US Clergy Speak Out For, Against, Gun Controli
As Congress wrangles over demands for tighter gun control in the wake of recent shooting rampages, American faith leaders are speaking out on both sides of the issue. VOA's Jerome Socolovsky reports from Newtown, Connecticut.

US Clergy Speak Out For, Against, Gun Control

— As Congress wrangles over demands for tighter gun control in the wake of recent shooting rampages, American faith leaders are speaking out on both sides of the issue.

Leading a march against gun violence in Washington recently, Episcopal Bishop Mariann Budde said men and women in the pulpits should speak out because it is they who often end up comforting the bereaved.

"I think we're tired of presiding at funerals, frankly," she said.

U.S. clergy have been getting increasingly involved in the gun control debate since 20 small children were killed at Sandy Hook Elementary School in Newtown, Connecticut, in December. Six adults also died.

The Reverend Matthew Crebbin of Newtown Congregational Church and Rabbi Shaul Praver of Congregation Adath Israel helped push through Connecticut's new bipartisan gun law and have called on Congress to follow suit.

The two men were with parents at the Sandy Hook firehouse December 14 when they received the news that their children were among the dead.

"Why is it that we accept that we can lose 30,000 people a year to guns" asked Crebbin. "If this was a war, where we were losing soldiers or we were losing other people, we would not accept that."

Crebbin said Jesus himself responded to violence with non-violence and love.

But Maryland evangelical pastor David Whitney sees it differently. He is a self-described "Second Amendment pastor," who believes that amendment's guarantee of the right to bear arms is God-given.

"Jesus did teach, 'Turn the other cheek,'" he said. "But there's a difference. If I were to slap you on the cheek - I have offended you, I have embarrassed you, I have insulted you, I have done you some damage, maybe I have even bruised your cheek - but I have not threatened your life.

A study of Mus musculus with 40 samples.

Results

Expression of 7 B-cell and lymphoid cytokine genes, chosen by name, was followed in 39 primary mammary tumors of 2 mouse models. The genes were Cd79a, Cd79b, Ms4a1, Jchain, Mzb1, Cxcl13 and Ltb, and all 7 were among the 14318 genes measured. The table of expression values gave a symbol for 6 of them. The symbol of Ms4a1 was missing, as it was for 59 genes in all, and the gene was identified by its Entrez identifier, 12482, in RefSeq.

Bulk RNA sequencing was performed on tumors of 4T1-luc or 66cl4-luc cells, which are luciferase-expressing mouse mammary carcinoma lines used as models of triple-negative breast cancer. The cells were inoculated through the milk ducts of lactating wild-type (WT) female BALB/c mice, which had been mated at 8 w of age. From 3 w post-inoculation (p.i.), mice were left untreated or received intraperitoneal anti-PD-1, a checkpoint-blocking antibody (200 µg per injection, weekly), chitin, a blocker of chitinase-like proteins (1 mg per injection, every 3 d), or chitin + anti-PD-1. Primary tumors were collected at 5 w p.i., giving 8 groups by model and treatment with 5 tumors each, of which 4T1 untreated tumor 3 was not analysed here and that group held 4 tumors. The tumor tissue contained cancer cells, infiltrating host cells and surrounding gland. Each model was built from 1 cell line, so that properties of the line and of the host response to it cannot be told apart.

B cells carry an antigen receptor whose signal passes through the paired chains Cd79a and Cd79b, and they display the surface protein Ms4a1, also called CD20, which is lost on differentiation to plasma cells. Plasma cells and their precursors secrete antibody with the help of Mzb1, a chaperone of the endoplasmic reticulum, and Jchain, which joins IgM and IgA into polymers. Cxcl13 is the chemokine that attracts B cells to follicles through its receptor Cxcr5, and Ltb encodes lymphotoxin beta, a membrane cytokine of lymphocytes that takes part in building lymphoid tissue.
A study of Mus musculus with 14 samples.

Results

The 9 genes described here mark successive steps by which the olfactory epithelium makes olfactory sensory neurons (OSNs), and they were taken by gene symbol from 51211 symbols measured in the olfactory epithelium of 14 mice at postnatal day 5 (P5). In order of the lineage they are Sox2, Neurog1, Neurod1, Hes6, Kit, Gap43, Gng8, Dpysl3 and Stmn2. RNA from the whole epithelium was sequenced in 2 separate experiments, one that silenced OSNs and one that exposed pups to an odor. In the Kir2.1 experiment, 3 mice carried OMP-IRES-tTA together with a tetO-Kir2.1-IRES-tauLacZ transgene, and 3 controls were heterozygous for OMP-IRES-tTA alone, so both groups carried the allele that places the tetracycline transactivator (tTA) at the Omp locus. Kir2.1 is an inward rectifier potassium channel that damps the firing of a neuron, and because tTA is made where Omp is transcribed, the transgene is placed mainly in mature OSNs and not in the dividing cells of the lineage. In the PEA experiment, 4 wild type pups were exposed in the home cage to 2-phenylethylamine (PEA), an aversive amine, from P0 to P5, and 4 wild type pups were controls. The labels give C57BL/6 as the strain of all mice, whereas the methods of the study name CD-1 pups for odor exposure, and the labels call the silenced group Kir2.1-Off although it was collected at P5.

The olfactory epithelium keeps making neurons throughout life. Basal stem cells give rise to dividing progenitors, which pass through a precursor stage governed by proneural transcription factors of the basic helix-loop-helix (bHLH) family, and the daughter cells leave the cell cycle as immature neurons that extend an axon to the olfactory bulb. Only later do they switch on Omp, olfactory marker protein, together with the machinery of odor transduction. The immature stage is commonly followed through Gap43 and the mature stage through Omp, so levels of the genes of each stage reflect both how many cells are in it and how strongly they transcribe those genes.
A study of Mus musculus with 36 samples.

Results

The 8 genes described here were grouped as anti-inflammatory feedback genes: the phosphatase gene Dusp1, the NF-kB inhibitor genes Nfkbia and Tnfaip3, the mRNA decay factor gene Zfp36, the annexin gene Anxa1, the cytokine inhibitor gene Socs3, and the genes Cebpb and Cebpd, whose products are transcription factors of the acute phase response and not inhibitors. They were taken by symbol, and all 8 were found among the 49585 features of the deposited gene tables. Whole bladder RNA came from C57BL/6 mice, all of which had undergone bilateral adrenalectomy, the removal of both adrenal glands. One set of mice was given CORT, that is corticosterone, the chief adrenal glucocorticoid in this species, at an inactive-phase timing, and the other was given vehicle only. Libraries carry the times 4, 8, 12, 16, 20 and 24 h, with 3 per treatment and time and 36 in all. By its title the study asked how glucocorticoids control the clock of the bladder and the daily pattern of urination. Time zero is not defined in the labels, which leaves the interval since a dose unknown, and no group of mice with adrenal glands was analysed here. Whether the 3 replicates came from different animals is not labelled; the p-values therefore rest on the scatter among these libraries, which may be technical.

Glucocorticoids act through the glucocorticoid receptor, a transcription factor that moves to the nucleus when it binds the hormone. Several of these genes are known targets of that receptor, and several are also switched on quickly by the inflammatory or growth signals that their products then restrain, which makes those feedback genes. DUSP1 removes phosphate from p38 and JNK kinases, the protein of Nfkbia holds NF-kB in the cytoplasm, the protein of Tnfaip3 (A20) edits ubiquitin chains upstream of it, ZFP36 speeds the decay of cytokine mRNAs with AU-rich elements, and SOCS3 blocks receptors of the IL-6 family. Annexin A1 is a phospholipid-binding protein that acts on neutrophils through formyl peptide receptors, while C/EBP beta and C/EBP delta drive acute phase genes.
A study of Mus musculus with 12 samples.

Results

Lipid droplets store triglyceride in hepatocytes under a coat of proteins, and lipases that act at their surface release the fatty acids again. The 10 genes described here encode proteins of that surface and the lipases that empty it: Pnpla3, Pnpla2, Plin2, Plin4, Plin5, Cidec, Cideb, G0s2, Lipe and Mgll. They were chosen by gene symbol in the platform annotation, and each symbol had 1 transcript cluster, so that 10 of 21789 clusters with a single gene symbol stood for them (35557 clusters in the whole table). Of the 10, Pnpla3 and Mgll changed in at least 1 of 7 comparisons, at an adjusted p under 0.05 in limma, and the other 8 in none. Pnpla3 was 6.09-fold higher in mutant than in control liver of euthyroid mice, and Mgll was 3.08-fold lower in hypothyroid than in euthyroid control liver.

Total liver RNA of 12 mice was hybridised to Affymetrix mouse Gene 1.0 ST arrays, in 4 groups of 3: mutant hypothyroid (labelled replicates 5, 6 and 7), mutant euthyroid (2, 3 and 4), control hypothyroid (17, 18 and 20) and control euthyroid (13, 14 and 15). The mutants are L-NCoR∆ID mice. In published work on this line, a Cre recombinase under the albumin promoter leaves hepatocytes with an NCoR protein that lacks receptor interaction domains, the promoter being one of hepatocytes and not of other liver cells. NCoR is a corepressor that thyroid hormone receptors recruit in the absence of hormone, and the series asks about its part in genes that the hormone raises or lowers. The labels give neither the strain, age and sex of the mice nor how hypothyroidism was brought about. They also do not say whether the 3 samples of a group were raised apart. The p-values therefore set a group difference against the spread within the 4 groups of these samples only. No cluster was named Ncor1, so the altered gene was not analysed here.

"Jesus didn't say if someone pulls out a sword and stabs you, turn and let him stab you again," he added.

"You can find pretty much anything [in scripture] to justify anything you want to justify," said Crebbin, who believes that gun worship in America borders on idolatry.

"Sometimes people are so intent on looking at the Second Amendment that they forget about the Second Commandment," he said.

The tragedy that befell Newtown, horrific as it was, has breathed new life into the idea of gun control in America. But the question remains whether a religious initiative - by no means supported by all U.S. clergy - can keep it from dying a quick death in Washington.

One tactic followed at the pro-gun control rally was to shame opponents of gun regulation.

Bishop Budde read from the legislative testimony of Veronica Pozner, whose six-year-old son Noah was one of the school shooting victims.

"He lies forever motionless in the Earth. He will never get to attend middle school or high school, kiss a girl, attend college, pick a career path, fall in love, marry, have children or travel the world."

Noah's family belonged to Rabbi Praver's synagogue.

"There was an outpouring of love from all over the country," the rabbi said, as he showed the boxes of items in his office that people had sent in from all over the country for all the victims' families.

"We had teddy bears up to the ceiling," he said.

According to Praver, Judaism teaches that regulation is needed to prevent crimes of opportunity. He said the ancient sages illustrated this with a simple parable.

"The Talmud speaks - it's kind of an interesting story - about a mouse that tries to get the cheese," he said. "But the mouse can only get the cheese if there's a hole in the wall."

Jerome Socolovsky

Jerome Socolovsky is the award-winning religion correspondent for the Voice of America, based in Washington. He reports on the rapidly changing faith landscape of the United States, including interfaith issues, secularization and non-affiliation trends and the growth of immigrant congregations.